Monday, April 25, 2005

Creativity Gone?

I can’t help but wonder if I have done something in the last so many years that has resulted in a lower level of creativity. Or was it something beyond my control, like age.

It used to be that my mind was over-flowing with story ideas. Throughout college, I would forego taking notes during lecture because I had to get the stories out of my head and onto paper. Often I’d only write a page or two before losing interest in the idea, but there was no end to new ones.

In my first post-college job, I would find myself jotting down stories on scrap paper when my supervisor wasn’t paying attention. I wrote whole stories on 4” x 6” pieces of paper intended for phone messages.

I can’t remember exactly when it happened. I must have been 22 or 23. In retrospect, it seems like someone cranked the handle on a faucet. If the creativity hasn’t been turned off altogether, it’s limited to an occasional drip here or there.

Was it the mind-numbing job in retail management?

Could it have been the drinking?

Or was it a hormonal change into adulthood?

How could the very workings of my brain have changed so drastically? Now I ache to be able to turn the faucet handle back in the other direction and have the creativity pour forth. I’d settle for a slow trickle at this point.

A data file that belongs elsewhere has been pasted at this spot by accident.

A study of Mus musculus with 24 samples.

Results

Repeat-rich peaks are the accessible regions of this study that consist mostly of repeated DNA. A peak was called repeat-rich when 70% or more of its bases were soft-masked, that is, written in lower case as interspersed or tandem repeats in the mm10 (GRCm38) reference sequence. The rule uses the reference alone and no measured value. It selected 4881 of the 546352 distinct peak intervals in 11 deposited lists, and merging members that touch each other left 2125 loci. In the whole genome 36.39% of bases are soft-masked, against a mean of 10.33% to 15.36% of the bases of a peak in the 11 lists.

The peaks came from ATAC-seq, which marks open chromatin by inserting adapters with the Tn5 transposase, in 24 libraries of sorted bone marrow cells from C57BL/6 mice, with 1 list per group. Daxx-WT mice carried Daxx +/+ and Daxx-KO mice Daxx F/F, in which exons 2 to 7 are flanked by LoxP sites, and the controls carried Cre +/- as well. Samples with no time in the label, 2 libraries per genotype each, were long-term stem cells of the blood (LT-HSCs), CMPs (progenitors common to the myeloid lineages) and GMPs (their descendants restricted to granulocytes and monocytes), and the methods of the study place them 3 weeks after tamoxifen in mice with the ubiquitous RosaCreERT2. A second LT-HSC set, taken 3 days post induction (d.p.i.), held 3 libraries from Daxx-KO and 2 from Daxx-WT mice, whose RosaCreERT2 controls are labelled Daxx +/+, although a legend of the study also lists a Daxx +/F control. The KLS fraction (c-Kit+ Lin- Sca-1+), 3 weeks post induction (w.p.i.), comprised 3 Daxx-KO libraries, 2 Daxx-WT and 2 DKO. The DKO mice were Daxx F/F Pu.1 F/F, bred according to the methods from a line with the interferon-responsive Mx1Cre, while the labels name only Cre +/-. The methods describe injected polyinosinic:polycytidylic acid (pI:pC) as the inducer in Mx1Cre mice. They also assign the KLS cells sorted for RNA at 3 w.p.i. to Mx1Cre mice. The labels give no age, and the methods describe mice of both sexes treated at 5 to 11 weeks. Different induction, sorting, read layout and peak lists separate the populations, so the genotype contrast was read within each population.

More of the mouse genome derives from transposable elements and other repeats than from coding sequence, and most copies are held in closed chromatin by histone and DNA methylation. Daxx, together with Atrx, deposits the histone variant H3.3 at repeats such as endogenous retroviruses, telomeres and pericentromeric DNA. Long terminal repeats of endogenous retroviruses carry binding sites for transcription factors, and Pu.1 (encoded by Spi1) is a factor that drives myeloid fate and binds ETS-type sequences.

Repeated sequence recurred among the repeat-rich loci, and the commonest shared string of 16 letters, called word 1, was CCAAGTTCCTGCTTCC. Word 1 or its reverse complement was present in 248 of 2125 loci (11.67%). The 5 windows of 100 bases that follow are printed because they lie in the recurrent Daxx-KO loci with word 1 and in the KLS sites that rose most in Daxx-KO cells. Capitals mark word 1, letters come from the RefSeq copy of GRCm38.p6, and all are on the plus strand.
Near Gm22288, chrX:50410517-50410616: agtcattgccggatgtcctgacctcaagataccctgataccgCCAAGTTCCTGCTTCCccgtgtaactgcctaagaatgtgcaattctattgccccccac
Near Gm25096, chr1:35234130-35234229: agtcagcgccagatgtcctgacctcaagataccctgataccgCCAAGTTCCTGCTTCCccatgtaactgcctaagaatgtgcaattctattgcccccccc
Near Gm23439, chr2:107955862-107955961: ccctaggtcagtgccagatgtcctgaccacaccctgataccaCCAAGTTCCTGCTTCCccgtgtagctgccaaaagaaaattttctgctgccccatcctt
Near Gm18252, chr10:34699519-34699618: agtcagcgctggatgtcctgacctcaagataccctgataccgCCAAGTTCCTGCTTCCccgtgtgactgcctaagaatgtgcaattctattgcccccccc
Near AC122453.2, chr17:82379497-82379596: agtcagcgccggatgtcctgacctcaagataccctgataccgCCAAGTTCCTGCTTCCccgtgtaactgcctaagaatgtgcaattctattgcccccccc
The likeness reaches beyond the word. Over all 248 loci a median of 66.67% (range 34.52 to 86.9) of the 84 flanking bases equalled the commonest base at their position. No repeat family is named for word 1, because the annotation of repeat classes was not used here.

Mary Stebbins Taitt said...

I personally wouldn't blame it on drinking or recreational drugs. And you certainly WERE a creative child. I'm sure it's in there, still! :-)

jo(e) said...

I had a similar experience. I wrote all the time when I was a kid. Then I stopped writing altogether during my 20s. Then when I was about 30, I started having friends who were poets and such, and I started writing again.

Looking back, I am not completely sure what stopped things. I think part of it was something emotional. It was when I was 30 that I started working some emotional issues, growing up and figuring out who I was -- and that kind of released whatever the block was and got me thinking in creative ways again.

Being around creative people is one thing that almost always inspires me. Your Mom is one of the people who really encouraged me to write through painful issues in my life -- and that helped in all kinds of ways.

Time -- or lack of it -- is probably the biggest thing I struggle with now. I have to consciously make time for writing. That is hard to do, but I know how important it is.